I’m currently watching this:

(That’s here, if you’re on a text reader:¬†https://www.youtube.com/watch?v=voFDz4o6H9g)

Early in this clip, Neil Gaiman talks about dry rock walls. And how the folks who build them start with a pile of fucking rocks and just keep putting one rock down, then another beside it, then another, fitting them all together, and when they’re done they have this incredibly strong, stable wall.

I’m so loving this for a metaphor right now for books.

I have written a lot of books. Someone held me up as a writer they wanted to emulate a few weeks ago, and I was like, “Get moving. Go write thirteen books and trunk them without anyone seeing them but you, and THEN write a book to publish.” (That’s only partially accurate; other people saw two of those books. Before I trunked them.)

I don’t actually think everyone has to trunk that many revised novels before hitting one they think is publishable. Some of my close friends write brilliant, fabulous novels right out of the gate, first try.

Those first novels that are great? Were built strong. My first many novels were the kinds of rock walls you see crumbling back into the earth, only they didn’t start out strong and get that way after a hundred years: they weren’t strong to begin with.

I like to think I’m improving as I write. Every book isn’t the greatest book I’ve ever written, but I do think the general progression of my skills is upward. That’s all I want.

Let’s go back to that rock wall again. My rock walls could all be stronger. Hands down.

I’ve been reading a lot of stuff on craft, and “reading about craft” is the kind of delicious productivity hole I can get lost in for days, but right now I’m actually applying what I’m reading, trying to more firmly plant those rocks in place, choose better fitting rocks to stack on top and beside the first ones.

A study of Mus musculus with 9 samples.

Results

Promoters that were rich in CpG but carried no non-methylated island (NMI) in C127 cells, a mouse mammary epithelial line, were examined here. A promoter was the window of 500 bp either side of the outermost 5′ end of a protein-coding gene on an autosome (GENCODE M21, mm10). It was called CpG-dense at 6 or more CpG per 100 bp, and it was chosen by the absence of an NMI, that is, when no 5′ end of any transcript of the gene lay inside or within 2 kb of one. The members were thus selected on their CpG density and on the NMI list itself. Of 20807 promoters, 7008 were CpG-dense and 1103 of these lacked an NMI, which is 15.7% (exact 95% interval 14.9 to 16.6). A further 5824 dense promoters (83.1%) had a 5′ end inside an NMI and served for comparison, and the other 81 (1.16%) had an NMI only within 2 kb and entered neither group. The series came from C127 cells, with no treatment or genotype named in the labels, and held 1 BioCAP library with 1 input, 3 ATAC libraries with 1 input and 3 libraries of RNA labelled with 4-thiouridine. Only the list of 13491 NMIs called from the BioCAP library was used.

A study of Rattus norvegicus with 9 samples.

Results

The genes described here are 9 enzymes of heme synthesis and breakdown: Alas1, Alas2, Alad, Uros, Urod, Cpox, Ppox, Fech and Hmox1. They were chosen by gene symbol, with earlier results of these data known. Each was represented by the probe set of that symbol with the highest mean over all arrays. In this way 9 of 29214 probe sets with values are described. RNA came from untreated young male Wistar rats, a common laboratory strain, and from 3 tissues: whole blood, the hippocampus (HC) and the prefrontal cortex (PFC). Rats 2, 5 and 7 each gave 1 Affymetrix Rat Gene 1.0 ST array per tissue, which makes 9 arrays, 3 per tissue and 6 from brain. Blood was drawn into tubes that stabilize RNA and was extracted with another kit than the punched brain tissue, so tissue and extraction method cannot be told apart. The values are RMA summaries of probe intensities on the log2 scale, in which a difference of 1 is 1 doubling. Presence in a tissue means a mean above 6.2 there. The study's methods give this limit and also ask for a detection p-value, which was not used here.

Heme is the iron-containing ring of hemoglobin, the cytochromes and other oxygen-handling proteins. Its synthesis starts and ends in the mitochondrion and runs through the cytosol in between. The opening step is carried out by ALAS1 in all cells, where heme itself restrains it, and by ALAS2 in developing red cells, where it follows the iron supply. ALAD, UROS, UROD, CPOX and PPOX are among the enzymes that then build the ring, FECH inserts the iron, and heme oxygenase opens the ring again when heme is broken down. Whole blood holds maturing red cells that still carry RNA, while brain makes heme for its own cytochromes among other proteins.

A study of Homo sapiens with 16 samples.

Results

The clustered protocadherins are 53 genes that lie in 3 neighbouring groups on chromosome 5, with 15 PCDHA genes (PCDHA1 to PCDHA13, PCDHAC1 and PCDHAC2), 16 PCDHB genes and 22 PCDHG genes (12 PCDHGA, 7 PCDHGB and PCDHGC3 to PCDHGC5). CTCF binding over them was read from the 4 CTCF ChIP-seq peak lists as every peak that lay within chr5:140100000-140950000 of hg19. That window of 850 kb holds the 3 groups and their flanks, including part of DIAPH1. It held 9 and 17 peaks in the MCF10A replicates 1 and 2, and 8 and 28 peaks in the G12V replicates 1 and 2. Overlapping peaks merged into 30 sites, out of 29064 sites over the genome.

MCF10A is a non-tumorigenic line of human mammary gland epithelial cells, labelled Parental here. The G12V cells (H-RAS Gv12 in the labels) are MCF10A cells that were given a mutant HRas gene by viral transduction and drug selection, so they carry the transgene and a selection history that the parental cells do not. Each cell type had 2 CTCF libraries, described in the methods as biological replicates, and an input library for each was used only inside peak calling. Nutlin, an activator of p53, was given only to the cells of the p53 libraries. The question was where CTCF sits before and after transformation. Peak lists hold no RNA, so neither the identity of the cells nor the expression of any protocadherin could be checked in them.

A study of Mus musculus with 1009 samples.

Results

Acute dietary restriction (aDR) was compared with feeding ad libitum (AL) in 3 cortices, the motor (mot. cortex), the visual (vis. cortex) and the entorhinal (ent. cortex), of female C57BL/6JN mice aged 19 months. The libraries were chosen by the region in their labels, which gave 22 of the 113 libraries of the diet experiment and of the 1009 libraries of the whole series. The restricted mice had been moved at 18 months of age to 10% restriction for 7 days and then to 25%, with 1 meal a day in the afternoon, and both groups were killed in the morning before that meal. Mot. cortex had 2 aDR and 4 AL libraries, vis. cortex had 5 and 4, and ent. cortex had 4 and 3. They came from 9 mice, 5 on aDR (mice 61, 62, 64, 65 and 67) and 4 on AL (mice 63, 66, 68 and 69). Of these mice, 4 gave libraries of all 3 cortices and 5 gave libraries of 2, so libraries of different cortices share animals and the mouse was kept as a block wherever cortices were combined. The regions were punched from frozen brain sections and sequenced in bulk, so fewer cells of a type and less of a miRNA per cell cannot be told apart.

I get better at writing fiction just by putting in the hours, writing the words, finishing projects, revising them. But I’ve been somewhat relying on “I’ll improve as I go” as a development plan, and it’s sort of…uh…kind of a silly way to go about it.

So in the last few weeks I’ve been actually¬†studying the things that make stories work. I have a certain ability to ape story structure, but I’ve never really studied it before, and I definitely never imagined finding it interesting as opposed to feeling like some professor was standing over me with a wooden pointer, forcing me to conform.

Thirteen years after escaping the classroom, I have apparently gotten over a very small part of my classroom related trauma. Don’t come near me with Steinbeck, though. Keep that shit to yourself.

Anyway, all that to say: I think I already build okay walls with my words. But they could always be stronger, higher, more elaborate, more interesting. And that’s what my goal is, ultimately: I want to write shit I find more and more interesting. And I want to do that better and better.

I know I’ve said this before, but it continues being true: I fucking love my job.